Software development for enterprise systems


Historically, the first widely adopted software development process was the waterfall development process (or simply, waterfall).

The waterfall process relies on the definition of sequential phases, as shown in Figure 1. Each phase starts only after the previous one has finished; all the analysis is done first, followed by all the design, then the implementation, and finally the testing.

The waterfall process has been widely used and has produced many successful software products. However, it makes several assumptions that have been criticised.

For example, it relies on the existence of a set of requirements that is defined beforehand and remains unchanged during development; it also assumes that all code is designed from scratch, making no allowance for the reuse of existing software. Because the development is carried out as a linear process, the waterfall process does not allow previous phases of the development to be repeated without repeating the whole sequence of steps.

Figure 1
Figure 1 The waterfall development process

Exercise 2

  1. What are the disadvantages of developing software in strict sequence through all its development phases?

  2. Can you think of an advantage, from a management point of view, of developing the software in strict sequence?



  1. The results of implementation and testing may lead to refinements in the requirements specification that are difficult to accommodate in a strictly sequentia development. The period of development is long, any feedback on the requirement comes too late, and the requirements may then no longer be valid.

  2. The development process can be easily controlled, and it is easy to know when each phase has been completed, and to estimate the total length of the project.

The waterfall process is an important approach which has been widely applied in the past. However, its rigidity in the face of changes and its lack of support for reuse make it unsuitable for modern enterprise systems development, where coping with continuous business changes and short time-to-market is paramount. The inevitability of revisiting requirements to address problems identified earlier rather than later has led to processes that allow for a repetition of early phases before the end of development.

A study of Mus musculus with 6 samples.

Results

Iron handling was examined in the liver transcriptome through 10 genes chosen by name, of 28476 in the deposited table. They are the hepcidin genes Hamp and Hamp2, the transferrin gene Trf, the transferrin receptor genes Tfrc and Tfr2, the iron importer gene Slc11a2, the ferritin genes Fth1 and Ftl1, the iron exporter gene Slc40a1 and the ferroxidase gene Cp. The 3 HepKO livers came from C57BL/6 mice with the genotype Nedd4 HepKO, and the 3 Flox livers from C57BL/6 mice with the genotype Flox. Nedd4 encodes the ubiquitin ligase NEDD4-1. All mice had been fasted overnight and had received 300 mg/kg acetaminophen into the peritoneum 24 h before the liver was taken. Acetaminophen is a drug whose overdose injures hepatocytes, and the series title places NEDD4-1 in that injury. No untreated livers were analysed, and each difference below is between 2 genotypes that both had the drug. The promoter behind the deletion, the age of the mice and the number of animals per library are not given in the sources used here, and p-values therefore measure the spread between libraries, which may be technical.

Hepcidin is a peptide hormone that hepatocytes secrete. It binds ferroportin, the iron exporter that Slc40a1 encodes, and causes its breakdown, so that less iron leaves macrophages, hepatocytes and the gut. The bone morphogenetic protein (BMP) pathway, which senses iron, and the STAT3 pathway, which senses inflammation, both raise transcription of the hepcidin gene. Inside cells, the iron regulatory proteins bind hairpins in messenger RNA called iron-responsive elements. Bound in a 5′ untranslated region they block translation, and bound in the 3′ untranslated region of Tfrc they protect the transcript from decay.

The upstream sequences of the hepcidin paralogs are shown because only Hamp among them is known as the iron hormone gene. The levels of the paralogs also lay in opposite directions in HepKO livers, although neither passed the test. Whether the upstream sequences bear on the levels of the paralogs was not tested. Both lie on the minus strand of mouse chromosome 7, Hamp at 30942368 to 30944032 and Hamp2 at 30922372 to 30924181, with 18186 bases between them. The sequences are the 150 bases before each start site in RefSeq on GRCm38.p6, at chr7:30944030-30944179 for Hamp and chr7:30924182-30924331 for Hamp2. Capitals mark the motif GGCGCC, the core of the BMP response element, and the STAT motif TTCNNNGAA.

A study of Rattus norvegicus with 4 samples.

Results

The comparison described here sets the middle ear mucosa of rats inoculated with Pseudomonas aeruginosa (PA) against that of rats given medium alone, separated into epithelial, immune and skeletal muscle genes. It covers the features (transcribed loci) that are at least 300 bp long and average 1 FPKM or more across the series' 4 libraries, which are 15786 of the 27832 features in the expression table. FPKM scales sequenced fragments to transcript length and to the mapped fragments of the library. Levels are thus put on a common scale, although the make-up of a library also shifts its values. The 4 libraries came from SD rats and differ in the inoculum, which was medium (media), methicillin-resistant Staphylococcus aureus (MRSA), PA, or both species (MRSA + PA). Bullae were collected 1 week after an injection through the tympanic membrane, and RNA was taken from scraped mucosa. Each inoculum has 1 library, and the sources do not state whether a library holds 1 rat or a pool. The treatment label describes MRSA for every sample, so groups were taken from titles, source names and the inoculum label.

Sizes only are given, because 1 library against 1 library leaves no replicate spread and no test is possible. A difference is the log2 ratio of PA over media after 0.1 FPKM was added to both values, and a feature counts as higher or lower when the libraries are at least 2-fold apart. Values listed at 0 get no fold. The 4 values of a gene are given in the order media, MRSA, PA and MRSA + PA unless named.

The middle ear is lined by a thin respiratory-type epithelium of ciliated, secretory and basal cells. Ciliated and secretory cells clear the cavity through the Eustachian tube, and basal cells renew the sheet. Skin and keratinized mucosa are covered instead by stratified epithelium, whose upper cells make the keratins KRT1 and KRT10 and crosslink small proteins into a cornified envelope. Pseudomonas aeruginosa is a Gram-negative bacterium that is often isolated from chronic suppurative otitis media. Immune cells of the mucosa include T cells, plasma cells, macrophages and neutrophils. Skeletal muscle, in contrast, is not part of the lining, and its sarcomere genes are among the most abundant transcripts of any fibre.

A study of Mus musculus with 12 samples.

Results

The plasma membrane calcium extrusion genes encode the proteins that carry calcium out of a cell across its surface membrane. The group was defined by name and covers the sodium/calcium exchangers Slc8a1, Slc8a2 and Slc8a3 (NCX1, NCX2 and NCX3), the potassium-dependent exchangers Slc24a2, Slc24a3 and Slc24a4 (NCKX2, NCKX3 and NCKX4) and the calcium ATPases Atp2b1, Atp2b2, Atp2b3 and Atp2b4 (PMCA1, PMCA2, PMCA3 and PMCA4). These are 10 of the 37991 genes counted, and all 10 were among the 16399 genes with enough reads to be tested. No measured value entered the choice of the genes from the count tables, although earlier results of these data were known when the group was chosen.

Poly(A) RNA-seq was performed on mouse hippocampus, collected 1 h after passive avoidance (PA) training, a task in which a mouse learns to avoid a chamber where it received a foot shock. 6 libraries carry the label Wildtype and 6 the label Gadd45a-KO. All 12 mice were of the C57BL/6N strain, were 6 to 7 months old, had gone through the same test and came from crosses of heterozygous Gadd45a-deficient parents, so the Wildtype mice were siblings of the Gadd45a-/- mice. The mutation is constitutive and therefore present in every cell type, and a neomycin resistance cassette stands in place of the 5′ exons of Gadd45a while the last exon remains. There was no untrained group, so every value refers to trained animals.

Iterative and incremental processes represent best practice that has been identified from the limitations of the waterfall process. The term ‘iterative’ indicates the repetition of one or more activities; the term ‘incremental’ indicates that development proceeds from an initial subset of the requirements to more and more complete subsets, until the whole system is addressed. Incremental development involves an initial partition of the intended functionality; some or all of the subsequent development activities can be carried out independently and in parallel. The final product results from the total integration of the partitions.

In iterative and incremental processes there is still a need for analysis, design, implementation and testing activities, but these activities are carried out in a more flexible way than in the waterfall process. An iterative and incremental process consists of several cycles of analysis, design, implementation and testing. Each cycle is short and provides feedback for the next cycle, in which a more refined and enhanced development is achieved. With an incremental model, development starts from small subsets of the requirements, reducing the complexity and scope of each analysis, design and coding cycle. Each increment is carried through the development activities to produce a working subset of the system, and is developed through several iterations. The integration of the increments results in the final system. However, this integration can be progressively achieved by successive releases of the software, each release achieving more functionality. Figure 2 illustrates an iterative and incremental model The increments represent development that can be carried out independently and in parallel. It should be stressed that the activities within each iteration are not necessarily sequential. Testing, for example, is no longer an activity that takes place only after implementation has terminated; tests start being developed as early as the analysis stage.

Figure 2
Figure 2 Iterative and incremental development process

As each cycle deals with a small set of requirements, the complexity of each increment is managed; the complexity of the whole system needs to be managed by progressive integration of increments. Early feedback is obtained from a partial implementation. This implementation can be assessed early and may lead to alterations to some requirements or the completion of others. Reuse is also encouraged by partitioning the initial set of requirements, because it will be easier to identify reusable components that match requirements within each such partitioning.

Exercise 3

  1. Why is early feedback, provided by each iteration, an advantage?

  2. Can you think of any disadvantages that may be associated with an iterative and incremental development cycle?



  1. It allows development effort that is going down a blind alley to be detected and halted.

  2. It is difficult to know when to stop iterating; the integration of the partitions requires very careful definition of the interaction between these partitions.